Key points from the Autumn Statement 2013
Here are the major areas of George Osborne’s Autumn Statement on the state of the economy and the government's plans.
Dave Lancaster |
11:41 06 December 2013
The Autumn Statement has outlined some big changes for the months ahead such as paper tax discs being replaced by an electronic system for motorists, an abolition of the cap on student numbers, the economy’s revised growth figures, spending cuts and new pension ages. Find out about what really matters with our at-a-glance summary below:
- 2013’s growth forecast increased from 0.6% to 1.4%. Revised up for next year from 1.8% to 2.4%. Following three years also up but at a slower rate: 2.2%, 2.6%, and 2.7%.
- UK GDP declined at a greater rate than initially thought: by 7.2% in 2008-09, not previously published 6.3% (equivalent of £112bn).
- Borrowing figure of £111bn this year. 2014-2015 set to fall to 2014-15 to £96bn, then down to £79bn in 2015-16, £51bn the year after before a much larger dip to £23bn the year afterwards.
- The UK's "underlying" deficit revised down by the Office for Budget Responsibility (OBR) to 6.8% this year, and to 5.6% the following year. Estimated further falls to 4.4%, 2.7% and 1.2% in the subsequent financial years.
- Public debt this year is due to total 75.5% of GDP. The figure is lower than initially forecasted; it will rise to 78.3% in 2014 and peak at 80% the next year.
- No increase to the current aid budget. Targets of spending 0.7% of gross national income on international development to be met.
TAXES & ALLOWANCES
- January 2014 onwards: bank levy rate will rise to 0.156%. This looks set to raise £2.7bn in 2014-15 and slightly more each year going forward.
- From April 2014, personal income tax allowance will rise to £10,000. This figure will increase in line with inflation for coming years.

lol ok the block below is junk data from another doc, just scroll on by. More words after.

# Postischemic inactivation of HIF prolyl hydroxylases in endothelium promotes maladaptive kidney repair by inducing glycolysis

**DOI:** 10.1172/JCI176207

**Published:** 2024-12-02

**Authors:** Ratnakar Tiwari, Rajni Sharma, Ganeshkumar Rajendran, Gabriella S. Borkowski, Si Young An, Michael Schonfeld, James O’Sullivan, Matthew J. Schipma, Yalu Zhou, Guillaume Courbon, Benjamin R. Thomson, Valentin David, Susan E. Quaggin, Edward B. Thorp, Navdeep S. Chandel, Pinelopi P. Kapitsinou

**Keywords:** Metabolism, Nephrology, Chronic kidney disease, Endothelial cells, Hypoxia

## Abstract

- April 2014 also sees a new tax relief for investment in new ‘social impact’ bonds and social enterprises.
- From April 2015, capital gains tax will be forced on future gains made by non-residents who sell residential property in Britain.
- Employer National Insurance contributions for young people are to be scrapped affecting 1.5 million jobs.
- A married couples and civil partners tax break proposed to launch in April 2015, whereby citizens can transfer £1,000 of their income tax allowance to their partners.
- Business rates in England to be capped at 2%, moving away from being linked to RPI inflation.
- Businesses that move into empty high-street properties will see their rates cut by 50%.
PENSIONS & BENEFITS
- The state pension age to increase: up to 68 in the mid-2030s and to 69 in the late 2040s.
- State pension pay outs to increase as well: In April 2014, it will rise by £2.95/week.
- Welfare spending is to be capped across the board.
- 18-21 year-olds claiming benefits without basic English or Maths will be given training from day one. If unaccepted, they will lose their entitlement.
- Those unemployed for over half a year will have to start a traineeship, take on work experience or perform community placements if they want to keep their benefits.
- Unemployment figures are already down. These are now forecast to fall from 7.6% this year to 7% in 2015 and by a further 5.6% in 2018.
- Available jobs to rise by 400,000 this year.
- An estimated 3.1 million jobs to be created by 2019.
- The government's start-up loans scheme to be enhanced to invest in 50,000 more people starting their own businesses.
- Export finance capacity available to support British businesses will be doubled to £50bn.
- Petrol taxes remain frozen.
- An initially planned rise of 2p per litre for 2014 cancelled.
- Train fares were originally going to be upped at 1% above RPI. This has been scrapped to regulate them in line with inflation instead.
- Paper tax disc for motorists will be replaced with an alternate electronic system.
- 30,000 new places at English universities to be created in 2014-15.
- From 2015, the existing cap on student numbers will be ended.
- 20,000 more apprenticeships are to be funded over the next two years.
- All pupils at state schools in England in Reception, Year 1 and Year 2 will receive free school lunches from next September.
- £1bn in loans will boost housing developments in key locations.
- The housing revenue account will see its limit on borrowing increase by £300m.
- Councils will free funding and resources by selling the most expensive social housing and deprived urban housing estates allowing them to be regenerated. Those who need to move home to find a job are given priority in council house allocations.